Article about: Sedge of Cranes. A trio of Early Robert Klaas slant gripped heer daggers. Klaas no doubt made one of the most interesting early army daggers. As evident by these three examples they used a v

  1. #11


    Hi Tom, glad to have you here on the forum and thanks for showing these great daggers.

    Cheers, Ade.


    It can be quite hard sometimes to distinguish between the first initial crossguard and the slightly later version ( both can be found matched with slant grips ). I have always used 2 key areas to determine one from the other. The later version normally has much larger swirls on both quillions and the inner wings area either side of the eagles head are clearly circular, compared to the flatter angled steps on the Klaas 1st.
    I am starting to come to the conclusion that the detailing argument is a myth. I have seen both types heavily hand enhanced, with standard enhancing and somewhat bland in appearance. I am interested as well Tom to see some detailed shots of the crossguards on those first 3, to see if they comply with my observations.
    I have been collecting pictures of Klaas crossguards for quite a time and have a large database of early examples, so please if you have one, it would be great for you to share and advance our understanding of the production differences.

    FYI: I also think both examples shown on page 47 of a popular publication are in fact both 2nd type cross-guards.


  4. #13


    Jon thanks I remember some time back when I proposed the idea that Klaas had two early crossguards and we discussed some differences and began to study them closer and in fact itís clear now they did. Like you the thought the earliest Klaas crossguards showed no enhancing is quite opposite the norm but as you pointed out its interesting you see all levels of enhancing on these guards from none to extreme. Only one scenario (guess) I can think of is perhaps they offered different levels of detail work and charged accordingly? Its apparent to me these companyís had some sort of guidelines to the type-style of detail work they preformed An example is Klaas always used the scabbard asterisk and most of the time a punched eye - if you study Pack you will see the same detail features over and over. How weyersberg used the half moon eye detail on their initial production WKC 1st fitted daggers and the big Cyclops eye on the later patterns and many other examples of obviously company mandated or preferred patterns of detail work (hand enhancing) It really interests me that many new discoveries are waiting to be made in the army dagger field the last year has brought many new discoveries your discovery of the Pack type-2 the discovery of the (new) Klaas type-1 my debut recently of the WKC 1.5 the new unattributed (generic ?) crossguard on the VOOS and perhaps not new but the classification of the generic type-3 previously a crossguard perhaps a few people even knew existed. Stay tuned for the detail shots of the sedge of cranes.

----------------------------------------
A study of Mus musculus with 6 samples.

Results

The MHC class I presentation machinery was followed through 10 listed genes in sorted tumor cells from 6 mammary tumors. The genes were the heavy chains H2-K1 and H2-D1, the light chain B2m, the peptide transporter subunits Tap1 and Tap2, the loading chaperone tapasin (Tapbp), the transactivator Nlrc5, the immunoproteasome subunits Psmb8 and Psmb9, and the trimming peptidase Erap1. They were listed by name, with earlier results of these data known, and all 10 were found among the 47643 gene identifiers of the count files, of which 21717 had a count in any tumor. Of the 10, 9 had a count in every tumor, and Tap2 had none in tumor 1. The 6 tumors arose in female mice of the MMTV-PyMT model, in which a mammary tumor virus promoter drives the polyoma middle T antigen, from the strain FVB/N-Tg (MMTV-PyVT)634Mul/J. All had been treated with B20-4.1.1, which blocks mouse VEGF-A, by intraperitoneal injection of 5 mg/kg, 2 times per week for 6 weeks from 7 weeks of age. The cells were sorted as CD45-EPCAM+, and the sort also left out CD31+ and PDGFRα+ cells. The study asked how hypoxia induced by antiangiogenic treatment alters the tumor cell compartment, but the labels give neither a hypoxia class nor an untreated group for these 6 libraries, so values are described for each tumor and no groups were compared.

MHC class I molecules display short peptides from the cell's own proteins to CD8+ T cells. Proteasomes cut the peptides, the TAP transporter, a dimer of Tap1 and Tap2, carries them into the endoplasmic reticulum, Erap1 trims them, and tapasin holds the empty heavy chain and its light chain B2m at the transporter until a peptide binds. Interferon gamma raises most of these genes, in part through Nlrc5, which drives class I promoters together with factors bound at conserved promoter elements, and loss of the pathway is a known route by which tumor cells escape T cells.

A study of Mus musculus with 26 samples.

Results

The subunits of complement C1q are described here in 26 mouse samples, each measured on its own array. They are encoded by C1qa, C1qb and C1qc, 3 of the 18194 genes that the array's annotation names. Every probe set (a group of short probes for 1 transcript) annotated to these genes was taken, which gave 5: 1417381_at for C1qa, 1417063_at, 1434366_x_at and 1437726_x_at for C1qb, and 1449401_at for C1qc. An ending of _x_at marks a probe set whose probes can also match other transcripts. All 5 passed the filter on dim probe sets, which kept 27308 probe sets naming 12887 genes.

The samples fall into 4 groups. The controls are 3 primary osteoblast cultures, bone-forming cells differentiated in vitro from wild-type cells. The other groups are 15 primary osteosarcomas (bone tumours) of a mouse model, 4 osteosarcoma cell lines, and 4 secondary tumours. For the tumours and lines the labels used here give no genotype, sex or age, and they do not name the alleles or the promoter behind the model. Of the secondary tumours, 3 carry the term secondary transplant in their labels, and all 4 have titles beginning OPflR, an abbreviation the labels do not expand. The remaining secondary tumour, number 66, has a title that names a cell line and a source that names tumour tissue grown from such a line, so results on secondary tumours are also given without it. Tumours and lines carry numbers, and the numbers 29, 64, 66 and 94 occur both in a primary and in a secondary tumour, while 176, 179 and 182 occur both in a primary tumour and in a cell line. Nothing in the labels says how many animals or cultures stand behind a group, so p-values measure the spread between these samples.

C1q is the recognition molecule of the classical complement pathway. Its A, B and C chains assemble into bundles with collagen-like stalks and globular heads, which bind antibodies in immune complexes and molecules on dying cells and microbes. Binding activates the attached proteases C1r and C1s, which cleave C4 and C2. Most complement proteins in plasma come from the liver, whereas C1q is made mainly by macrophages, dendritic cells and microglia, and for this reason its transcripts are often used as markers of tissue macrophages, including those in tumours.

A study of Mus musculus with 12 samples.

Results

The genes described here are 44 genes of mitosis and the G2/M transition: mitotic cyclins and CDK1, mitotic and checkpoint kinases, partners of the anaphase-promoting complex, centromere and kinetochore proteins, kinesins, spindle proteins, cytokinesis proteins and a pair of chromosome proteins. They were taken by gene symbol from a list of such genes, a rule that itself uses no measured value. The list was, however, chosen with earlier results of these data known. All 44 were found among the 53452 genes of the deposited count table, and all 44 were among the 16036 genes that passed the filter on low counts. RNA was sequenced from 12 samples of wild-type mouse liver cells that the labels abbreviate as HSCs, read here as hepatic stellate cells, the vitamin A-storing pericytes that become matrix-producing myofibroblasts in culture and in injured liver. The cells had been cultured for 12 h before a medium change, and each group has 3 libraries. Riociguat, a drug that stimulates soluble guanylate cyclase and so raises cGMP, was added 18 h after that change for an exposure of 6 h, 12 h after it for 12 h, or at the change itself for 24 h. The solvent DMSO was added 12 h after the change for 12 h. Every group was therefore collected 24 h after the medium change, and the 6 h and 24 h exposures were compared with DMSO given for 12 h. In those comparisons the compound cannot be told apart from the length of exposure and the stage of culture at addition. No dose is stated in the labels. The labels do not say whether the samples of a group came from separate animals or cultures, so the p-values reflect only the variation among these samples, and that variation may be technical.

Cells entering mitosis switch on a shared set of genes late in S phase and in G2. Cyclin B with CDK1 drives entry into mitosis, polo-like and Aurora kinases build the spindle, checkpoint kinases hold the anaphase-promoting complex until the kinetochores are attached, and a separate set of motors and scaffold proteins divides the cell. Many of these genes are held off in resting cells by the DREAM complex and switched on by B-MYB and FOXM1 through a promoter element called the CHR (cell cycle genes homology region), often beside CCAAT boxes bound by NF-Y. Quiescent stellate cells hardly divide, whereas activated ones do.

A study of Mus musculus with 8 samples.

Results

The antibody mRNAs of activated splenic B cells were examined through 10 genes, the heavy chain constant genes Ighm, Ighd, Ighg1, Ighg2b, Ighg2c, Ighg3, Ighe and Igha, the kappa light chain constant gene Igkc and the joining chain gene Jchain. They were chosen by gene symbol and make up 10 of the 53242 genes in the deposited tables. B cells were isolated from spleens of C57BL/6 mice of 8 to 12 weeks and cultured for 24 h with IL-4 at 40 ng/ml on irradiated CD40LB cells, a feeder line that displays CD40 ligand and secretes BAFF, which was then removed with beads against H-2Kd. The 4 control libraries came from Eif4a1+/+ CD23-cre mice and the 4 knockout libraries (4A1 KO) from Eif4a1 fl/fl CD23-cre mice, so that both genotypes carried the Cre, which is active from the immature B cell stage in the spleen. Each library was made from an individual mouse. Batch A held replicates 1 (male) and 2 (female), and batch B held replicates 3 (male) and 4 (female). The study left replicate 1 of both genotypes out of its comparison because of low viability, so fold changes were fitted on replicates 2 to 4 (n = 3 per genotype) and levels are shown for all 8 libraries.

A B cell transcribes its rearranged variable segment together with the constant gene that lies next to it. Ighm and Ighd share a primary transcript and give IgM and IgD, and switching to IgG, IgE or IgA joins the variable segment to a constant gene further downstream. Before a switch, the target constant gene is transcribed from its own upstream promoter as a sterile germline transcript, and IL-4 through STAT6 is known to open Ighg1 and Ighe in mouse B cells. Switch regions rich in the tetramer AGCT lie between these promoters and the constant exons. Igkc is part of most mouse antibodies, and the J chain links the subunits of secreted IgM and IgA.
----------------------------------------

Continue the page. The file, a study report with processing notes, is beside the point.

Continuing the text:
One point regarding Klaas thatís a new revelation the earliest daggers have the tiny dome head screws (Credit Heers68) at some point transitioned to the bigger flatter screws.

  5. #14


    Great thread here folks! Thanks for the plug Tom, your collection is THE library of EARLY Heers on line!

    Jon, no doubt your sight covers the full range of Heers better than any other and your knowledge is imense!! I have referenced your sight many times and learned alot!

    Tom, Your trio of initial Klaas slants is a staggering accomplishment.. So hard to find these! I am, as you know working on closing a deal on my first Klaas type 1 slant, and look forward to adding to this thread. I think the big difference that I use to differentiate between the type 1 and 2 Klaas guards is the huge wreath on the second guard with the "pedestal" that the Swaz sits on (one of the biggest wreaths I have seen on a heer). I know you have commented on this before to...Kevin.